Online sales tax collection goes to Senate committee

Internet sales tax
SB 50 will go before the Senate Commerce and Tourism Committee on Monday.

A proposal that would require more online sellers to collect Florida sales taxes and turn the money over to the state will appear Monday before the Senate Commerce and Tourism Committee.

The proposal (SB 50), filed by Sen. Joe Gruters, a Sarasota Republican, for the upcoming Legislative Session has gained support as state revenue has taken a massive hit amid the coronavirus pandemic.

Senate President Wilton Simpson, a Trilby Republican, has highlighted the issue as one of the ways lawmakers can offset a projected $2.75 billion shortfall. Many out-of-state online retailers have not collected and remitted the taxes.

“We use the honor system to collect those taxes,” Simpson said in November. “And I can assure you the honor system does not work very well. So it’s not a tax increase to pay the taxes you owe.”

Similar past proposals, dubbed “Wayfair” bills after the online purveyor, have died as Republican lawmakers have been leery of appearing to raise taxes.

House Speaker Chris Sprowls, a Palm Harbor Republican, reiterated in November that, “I rule out tax increases,” before noting the online “sales tax already exists.”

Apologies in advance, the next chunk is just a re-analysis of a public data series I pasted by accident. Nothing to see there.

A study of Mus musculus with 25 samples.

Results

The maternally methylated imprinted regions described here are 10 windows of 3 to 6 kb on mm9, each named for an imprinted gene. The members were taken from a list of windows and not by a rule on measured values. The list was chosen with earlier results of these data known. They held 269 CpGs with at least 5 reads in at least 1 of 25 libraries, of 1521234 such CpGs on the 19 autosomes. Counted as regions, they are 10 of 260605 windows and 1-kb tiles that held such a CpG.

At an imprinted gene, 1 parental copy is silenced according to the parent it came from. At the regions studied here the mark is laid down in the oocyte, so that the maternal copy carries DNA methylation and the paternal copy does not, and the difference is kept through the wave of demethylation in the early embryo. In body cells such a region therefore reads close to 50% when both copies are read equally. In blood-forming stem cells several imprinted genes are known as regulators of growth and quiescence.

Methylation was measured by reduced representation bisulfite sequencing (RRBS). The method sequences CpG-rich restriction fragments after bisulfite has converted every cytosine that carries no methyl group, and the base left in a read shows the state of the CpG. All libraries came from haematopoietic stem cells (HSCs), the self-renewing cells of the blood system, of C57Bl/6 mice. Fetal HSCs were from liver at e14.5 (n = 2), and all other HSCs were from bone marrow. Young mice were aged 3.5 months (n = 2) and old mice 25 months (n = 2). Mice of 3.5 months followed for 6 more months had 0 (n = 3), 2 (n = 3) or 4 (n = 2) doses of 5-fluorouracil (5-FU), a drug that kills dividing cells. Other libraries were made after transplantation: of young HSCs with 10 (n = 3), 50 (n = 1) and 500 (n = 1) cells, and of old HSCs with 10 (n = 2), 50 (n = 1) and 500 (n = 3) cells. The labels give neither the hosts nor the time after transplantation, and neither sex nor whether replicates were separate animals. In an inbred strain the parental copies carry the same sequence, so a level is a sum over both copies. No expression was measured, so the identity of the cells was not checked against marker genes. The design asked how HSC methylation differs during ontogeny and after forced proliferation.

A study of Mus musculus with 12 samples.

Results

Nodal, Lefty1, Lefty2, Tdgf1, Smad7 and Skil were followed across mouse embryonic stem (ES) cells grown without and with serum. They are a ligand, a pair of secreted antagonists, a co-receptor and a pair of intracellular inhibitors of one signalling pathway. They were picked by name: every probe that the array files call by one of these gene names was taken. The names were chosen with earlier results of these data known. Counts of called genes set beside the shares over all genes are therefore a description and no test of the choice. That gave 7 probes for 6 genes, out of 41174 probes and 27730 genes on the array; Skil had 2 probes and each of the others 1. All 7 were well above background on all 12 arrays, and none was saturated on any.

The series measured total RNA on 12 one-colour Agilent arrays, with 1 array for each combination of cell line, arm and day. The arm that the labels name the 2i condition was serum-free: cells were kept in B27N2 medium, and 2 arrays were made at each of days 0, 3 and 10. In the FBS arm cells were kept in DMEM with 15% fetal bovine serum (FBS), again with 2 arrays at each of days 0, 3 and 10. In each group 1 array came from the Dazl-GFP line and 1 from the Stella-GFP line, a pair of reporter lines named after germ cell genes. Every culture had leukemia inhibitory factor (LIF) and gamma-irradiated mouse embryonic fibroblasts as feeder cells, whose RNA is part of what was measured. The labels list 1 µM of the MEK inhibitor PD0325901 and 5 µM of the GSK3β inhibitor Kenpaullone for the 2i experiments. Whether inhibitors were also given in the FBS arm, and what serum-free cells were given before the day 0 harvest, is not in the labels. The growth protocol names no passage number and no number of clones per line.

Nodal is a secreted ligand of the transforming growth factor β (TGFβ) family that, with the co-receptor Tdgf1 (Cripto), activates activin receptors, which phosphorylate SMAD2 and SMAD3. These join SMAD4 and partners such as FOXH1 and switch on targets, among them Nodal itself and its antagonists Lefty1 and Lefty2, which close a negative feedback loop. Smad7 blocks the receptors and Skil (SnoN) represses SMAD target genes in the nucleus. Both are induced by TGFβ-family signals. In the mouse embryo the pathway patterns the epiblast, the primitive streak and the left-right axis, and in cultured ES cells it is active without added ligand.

Gruters filed a similar measure for the 2020 Legislative Session, but it did not get through Senate committees. The House never took up a version of the bill, which was sponsored by Rep. Chuck Clemons, a Newberry Republican who is again sponsoring the issue for the 2021 Session (HB 15).

A staff analysis of Gruters’ 2020 proposal stated the expanded collection of the tax would generate $479 million for the state and $132.9 million for local governments.

A task force led by officials from Associated Industries of Florida, the Florida Retail Federation, the National Federation of Independent Business Florida and the Florida Restaurant & Lodging Association included the collection of online sales taxes in a list of proposals for the 2021 Legislative Session.

Florida retailers have long complained of being at a competitive disadvantage because of out-of-state retailers not collecting and remitting the taxes.


Republished with permission from the News Service of Florida.